Mason County, located on Washington’s Olympic Peninsula has a rich history in logging, farming, and shellfish farming. It is also the home to two bustling Habitat for Humanity Stores offering an ever-changing selection of furniture, building supplies, and household goods. Proceeds from the sales of these items fund construction of homes in the community.
In May 2015, Habitat in Mason County, decided to take a chance and accept a very large donation from IRN – a 53’ tractor trailer stuffed with 200 pieces of furniture from a tech company in the Seattle area. There was little room to store this inventory at either store and store managers knew that they had to move this merchandise quickly. Word got out – lots of inventory and priced to sell - and it sold within a week. Another shipment accepted 20 days later soon sold too.
During 2016, Habitat Mason County’s new Executive Director Marty Crow accepted six more shipments with increasing frequency. It only took a few shipments from IRN for Marty to see a pattern emerging. Whenever he received an IRN shipment sales for that month would increase 10 to 20%. Marty estimates that the incremental revenue from these sales has funded at least one half of the construction of Mason County Habitat House #25 in Shelton, WA.
The method for handling and selling these large shipments involves having a volunteer crew ready for unloading, pricing aggressively, and promoting the new inventory. Word goes out on Habitat Mason’s active Facebook page and during a weekly radio spot on a local station. In this rural community, word of mouth is effective too. Even the unusual sight of tractor trailer at the store causes people to stop by.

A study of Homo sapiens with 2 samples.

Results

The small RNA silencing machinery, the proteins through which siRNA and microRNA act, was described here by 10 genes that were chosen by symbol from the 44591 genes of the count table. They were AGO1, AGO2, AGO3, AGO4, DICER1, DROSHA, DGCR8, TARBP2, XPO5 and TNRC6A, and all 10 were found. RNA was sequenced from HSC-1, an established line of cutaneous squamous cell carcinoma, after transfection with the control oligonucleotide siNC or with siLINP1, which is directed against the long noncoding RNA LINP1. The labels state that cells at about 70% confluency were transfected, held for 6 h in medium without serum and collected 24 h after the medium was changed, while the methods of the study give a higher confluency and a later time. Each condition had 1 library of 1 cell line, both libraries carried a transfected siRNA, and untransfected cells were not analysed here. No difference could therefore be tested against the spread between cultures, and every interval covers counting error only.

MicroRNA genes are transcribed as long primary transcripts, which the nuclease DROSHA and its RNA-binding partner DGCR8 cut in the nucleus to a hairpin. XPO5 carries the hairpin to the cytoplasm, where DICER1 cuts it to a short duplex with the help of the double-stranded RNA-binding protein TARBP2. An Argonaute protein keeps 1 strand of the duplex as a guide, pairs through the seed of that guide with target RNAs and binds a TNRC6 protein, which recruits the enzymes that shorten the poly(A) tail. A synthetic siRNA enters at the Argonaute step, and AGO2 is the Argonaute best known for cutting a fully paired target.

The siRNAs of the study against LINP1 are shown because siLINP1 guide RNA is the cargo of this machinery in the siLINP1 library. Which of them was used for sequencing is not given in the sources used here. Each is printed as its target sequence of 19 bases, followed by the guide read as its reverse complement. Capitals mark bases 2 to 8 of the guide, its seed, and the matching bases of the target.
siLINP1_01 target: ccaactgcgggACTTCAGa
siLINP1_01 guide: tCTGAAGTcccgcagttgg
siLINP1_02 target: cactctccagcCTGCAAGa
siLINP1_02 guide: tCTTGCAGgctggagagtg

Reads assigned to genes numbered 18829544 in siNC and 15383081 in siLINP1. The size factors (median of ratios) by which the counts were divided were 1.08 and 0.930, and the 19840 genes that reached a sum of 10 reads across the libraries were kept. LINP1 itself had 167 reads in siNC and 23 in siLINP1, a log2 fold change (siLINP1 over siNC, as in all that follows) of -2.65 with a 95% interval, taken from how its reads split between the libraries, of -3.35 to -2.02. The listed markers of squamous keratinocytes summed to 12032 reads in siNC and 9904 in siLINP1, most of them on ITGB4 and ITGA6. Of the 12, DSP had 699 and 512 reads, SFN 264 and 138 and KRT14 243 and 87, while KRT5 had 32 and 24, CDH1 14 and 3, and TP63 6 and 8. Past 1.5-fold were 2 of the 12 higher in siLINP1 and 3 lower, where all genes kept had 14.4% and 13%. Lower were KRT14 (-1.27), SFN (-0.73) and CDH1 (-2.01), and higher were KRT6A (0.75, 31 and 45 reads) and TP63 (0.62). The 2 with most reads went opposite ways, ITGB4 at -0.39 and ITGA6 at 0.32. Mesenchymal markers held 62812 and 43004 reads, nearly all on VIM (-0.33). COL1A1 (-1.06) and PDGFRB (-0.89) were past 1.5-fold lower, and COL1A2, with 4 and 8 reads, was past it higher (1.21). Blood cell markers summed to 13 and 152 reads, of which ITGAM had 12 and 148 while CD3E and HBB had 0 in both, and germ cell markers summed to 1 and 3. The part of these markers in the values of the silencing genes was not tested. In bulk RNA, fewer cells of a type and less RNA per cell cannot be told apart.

Sustainability is a critical part of Habitat’s values. Habitat houses are built to high standards for resource stewardship of energy, water, and materials. By returning all this furniture to local residents and businesses, Habitat Mason County has kept nearly 50 tons out of the landfill, providing a further benefit to the environment, as well as the community.
The gently used high quality furniture comes from technology companies in the Seattle area that are refurbishing their offices, lounges, and multipurpose rooms. Marty Crow knows that with the right price and presentation, people will find a use for all sorts of items. For example, his IRN shipments have included height adjustable tables, formerly used as desks. They are very durable tables, sturdy enough for mounting power tools. to use in their workshops. Word got out that these were very useful as workbenches and now they are in high demand.
* as of January 2017
“Looking forward, we plan to double our intake of IRN surplus furniture. When each shipment causes a significant bump in monthly sales, we are on track to financing at least one additional house per year from these sales alone”, says Marty Crow.